Inspire believes that 'Responsible Travel' is about action not just words. We provide training for every team member before you depart on cultural awareness and responsible travel - including water usage, dressing appropriately and tips on the local culture and language.

Key Cultural and Responsible Travel rules for all our trips:


  • Ladies must not wear tank tops, low cut tops or low-slung trousers when working on project site – showing flesh is seen as disrespectful in most small rural African communities.
  • No camouflage clothes
  • No jewellery or flash watches. Don’t bring anything that is precious to you, or that will attract attention. You will be strolling round towns and villages and it’s never a good idea to draw attention to yourself by wearing your most expensive necklace, watch or bracelet.
  • No offensive slogans on clothing.
  • Don’t bring designer or expensive gear as it will get dirty and totally ruined! For project site, just wear old clothes as you will definitely be throwing them away by the end of the expedition. Trousers, shorts and a good few old t-shirts are just what you need. Please don’t bring tank tops or low rise trousers when you’re working on projects, as flashing the local community every time you bend over, or even showing your shoulders is seen as offensive. Baggy linen trousers are great, as are cool shirts and blouses, over a vest top. For evenings out jeans are fine – although bear in mind they are heavy to carry and take a long time to dry. 

Local Partners: 


  • Always be respectful and remember that in most of the communities where we work, older members of the community are always treated with utmost respect and we should follow this example.
  • Never assume that 'our' way of doing things is the 'right' way - it is just different. Try and encourage a discussion if you find something hard to understand, but don't get defensive if it doesn't match your perspective.
  • If you have any issues with local project partners ask to speak to your Inspire Leaders  immediately.


  • Be respectful of all project partners, local staff and local community members.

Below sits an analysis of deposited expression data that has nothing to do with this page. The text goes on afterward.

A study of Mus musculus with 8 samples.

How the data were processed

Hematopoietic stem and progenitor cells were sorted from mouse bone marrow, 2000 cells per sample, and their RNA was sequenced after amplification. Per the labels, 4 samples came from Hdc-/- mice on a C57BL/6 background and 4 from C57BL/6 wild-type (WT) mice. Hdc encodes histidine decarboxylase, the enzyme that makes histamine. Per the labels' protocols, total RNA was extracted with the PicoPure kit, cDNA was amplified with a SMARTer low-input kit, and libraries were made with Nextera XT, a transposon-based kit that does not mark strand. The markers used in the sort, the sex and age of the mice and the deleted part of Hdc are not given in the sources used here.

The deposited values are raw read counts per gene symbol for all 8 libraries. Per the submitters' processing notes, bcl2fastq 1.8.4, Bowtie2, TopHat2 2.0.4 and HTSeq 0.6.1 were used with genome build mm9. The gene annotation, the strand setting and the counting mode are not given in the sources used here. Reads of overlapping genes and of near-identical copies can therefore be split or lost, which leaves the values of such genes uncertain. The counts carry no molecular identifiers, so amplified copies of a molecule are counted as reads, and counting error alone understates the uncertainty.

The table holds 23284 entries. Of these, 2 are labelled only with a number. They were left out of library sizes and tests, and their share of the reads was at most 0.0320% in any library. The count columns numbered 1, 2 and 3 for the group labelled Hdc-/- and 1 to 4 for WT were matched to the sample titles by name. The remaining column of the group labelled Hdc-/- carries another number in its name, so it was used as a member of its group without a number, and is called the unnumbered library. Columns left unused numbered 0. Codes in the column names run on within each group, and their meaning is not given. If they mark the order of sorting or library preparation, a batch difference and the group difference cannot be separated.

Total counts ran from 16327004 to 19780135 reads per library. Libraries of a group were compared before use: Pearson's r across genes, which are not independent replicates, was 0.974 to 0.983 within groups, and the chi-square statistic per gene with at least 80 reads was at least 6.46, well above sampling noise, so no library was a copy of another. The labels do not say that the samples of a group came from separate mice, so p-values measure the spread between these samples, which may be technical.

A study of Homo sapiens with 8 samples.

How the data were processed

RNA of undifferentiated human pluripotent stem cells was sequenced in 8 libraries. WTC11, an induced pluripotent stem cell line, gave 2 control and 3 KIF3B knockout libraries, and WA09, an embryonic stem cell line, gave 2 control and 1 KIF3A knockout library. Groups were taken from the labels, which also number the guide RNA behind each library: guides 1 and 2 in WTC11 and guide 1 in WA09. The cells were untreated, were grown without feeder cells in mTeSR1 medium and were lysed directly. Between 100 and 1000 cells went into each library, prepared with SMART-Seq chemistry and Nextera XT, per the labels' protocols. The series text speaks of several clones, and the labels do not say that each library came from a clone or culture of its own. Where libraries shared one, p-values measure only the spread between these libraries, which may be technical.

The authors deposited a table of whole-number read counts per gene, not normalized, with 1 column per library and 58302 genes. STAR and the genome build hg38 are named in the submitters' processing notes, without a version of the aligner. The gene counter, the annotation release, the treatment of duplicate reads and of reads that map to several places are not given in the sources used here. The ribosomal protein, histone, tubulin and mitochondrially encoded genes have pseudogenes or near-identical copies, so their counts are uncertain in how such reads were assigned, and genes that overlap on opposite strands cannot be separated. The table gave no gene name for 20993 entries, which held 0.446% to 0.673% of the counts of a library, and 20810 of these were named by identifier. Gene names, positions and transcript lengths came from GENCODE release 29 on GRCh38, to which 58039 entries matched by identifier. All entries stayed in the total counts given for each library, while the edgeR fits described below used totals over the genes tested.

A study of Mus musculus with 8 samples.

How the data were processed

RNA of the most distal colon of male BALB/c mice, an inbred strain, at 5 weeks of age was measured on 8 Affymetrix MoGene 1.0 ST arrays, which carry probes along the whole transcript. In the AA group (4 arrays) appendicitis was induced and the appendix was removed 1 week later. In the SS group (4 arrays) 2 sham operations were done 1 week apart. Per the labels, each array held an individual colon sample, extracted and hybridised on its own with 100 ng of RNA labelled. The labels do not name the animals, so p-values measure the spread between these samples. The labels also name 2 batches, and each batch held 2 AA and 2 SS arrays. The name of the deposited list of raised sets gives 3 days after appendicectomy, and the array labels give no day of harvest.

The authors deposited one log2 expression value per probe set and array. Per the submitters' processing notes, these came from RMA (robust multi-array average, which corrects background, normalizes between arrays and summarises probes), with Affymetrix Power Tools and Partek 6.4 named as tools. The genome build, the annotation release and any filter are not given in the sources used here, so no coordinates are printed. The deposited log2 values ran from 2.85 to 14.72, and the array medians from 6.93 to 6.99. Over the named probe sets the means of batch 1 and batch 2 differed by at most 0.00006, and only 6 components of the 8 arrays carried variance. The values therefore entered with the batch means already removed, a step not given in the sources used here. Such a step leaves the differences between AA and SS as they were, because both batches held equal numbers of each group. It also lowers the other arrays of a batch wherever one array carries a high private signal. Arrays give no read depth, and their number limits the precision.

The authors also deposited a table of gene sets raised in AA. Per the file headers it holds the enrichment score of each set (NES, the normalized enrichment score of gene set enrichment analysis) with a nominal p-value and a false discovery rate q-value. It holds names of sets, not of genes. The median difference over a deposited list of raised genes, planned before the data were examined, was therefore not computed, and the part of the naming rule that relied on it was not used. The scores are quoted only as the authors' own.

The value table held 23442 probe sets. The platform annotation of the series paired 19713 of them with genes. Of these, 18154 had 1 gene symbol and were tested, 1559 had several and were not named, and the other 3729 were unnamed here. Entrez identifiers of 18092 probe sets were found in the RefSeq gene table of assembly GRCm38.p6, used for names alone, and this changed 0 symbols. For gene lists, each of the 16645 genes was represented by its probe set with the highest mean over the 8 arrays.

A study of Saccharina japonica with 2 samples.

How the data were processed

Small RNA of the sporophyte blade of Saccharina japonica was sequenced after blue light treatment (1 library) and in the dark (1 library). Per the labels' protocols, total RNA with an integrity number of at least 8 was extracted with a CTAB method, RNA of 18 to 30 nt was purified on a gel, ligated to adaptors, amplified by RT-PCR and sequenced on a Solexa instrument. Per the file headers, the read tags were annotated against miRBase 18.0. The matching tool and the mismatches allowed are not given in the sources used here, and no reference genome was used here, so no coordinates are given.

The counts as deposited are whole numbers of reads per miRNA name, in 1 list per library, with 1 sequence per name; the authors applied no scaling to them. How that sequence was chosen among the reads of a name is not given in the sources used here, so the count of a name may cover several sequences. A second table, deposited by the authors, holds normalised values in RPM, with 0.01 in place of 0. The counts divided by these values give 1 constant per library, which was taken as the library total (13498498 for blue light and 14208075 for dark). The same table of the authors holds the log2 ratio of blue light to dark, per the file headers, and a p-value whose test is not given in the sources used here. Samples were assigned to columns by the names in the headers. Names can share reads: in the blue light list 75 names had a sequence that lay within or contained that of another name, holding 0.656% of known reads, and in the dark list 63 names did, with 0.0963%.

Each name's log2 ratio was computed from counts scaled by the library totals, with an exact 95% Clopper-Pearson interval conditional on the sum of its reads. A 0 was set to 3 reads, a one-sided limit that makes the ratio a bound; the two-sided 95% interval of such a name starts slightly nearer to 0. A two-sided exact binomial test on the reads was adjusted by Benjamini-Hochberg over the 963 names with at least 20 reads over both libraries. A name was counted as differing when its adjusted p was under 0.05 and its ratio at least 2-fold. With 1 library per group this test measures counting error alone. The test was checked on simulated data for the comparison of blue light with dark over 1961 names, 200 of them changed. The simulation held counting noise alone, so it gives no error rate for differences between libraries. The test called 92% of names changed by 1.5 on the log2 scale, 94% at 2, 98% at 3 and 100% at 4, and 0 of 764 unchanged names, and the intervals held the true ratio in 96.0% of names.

• Do not swear in front of children or local community.
  • Do not blaspheme.
  • Be careful not to show any big public displays of affection between members of the opposite sex. This can be very disrespectful in some local communities.
  • Ask your Inspire Leader about local customs – e.g. African handshakes, Men holding hands, Women’s role in rural Africa, so you can understand more about the people you are working with.


  • Always accept any food offered with a polite smile. If you cannot eat the food then dispose of it subtly or give it to another team member. Remember that the person offering the food to you will have given you the best of what they have.
  • If you have food leftover at the end of the trip – do donate this to the local community. Ensure this is done through a chief, head teacher or senior member of the community

Water: construction8

  • Use water sparingly and responsibly – do not leave taps running, take short showers and use the bare minimum for washing up etc whilst still being hygienic. Do not waste water – it is a precious resource to local communities. On many project sites the women and children will have walked hours each day to collect water for the team so do respect this.
  • Wherever possible use biodegradable products.


  • Don’t drop litter (even if you see many local people doing it!). The communities don’t have government funded bin men – so any litter will stay where it is dropped.
  • Litter should be disposed of in an appropriate manner. 
  • Recycling – many local communities will be happy to accept offers of empty plastic bottles, containers etc. It is always worth asking before you throw anything away – but be careful not to offend – the item may still be able to have a use.


  • Giving gifts to the community is great. However, it is essential that you do NOT give individual donations to community members or children – including even small things such as pencils or sweets or buying local children a soft drink. This is unfair and can create tension and bad feelings within the local community to see someone singled out. 
  • All donations should be given as a team through the chief, local head teacher or senior member of the community or partner charity – who will then make sure it is given out fairly. Your Inspire Leaders will help arrange this, so just let them know if you have a donation or gift to give.



  • You might get tired or fed up at times as the work can sometimes be hard. However, it is important to remember that your attitude can rub off on the local community as well as other team members. If you are tired or struggling with the work, then let your Inspire Leaders or Teachers know, as they could look at other ways you can be involved.
  • Tolerance is essential when working with local communities. Cement/materials may not turn up on time every day, so try and relax and enjoy spending time with the local community and children.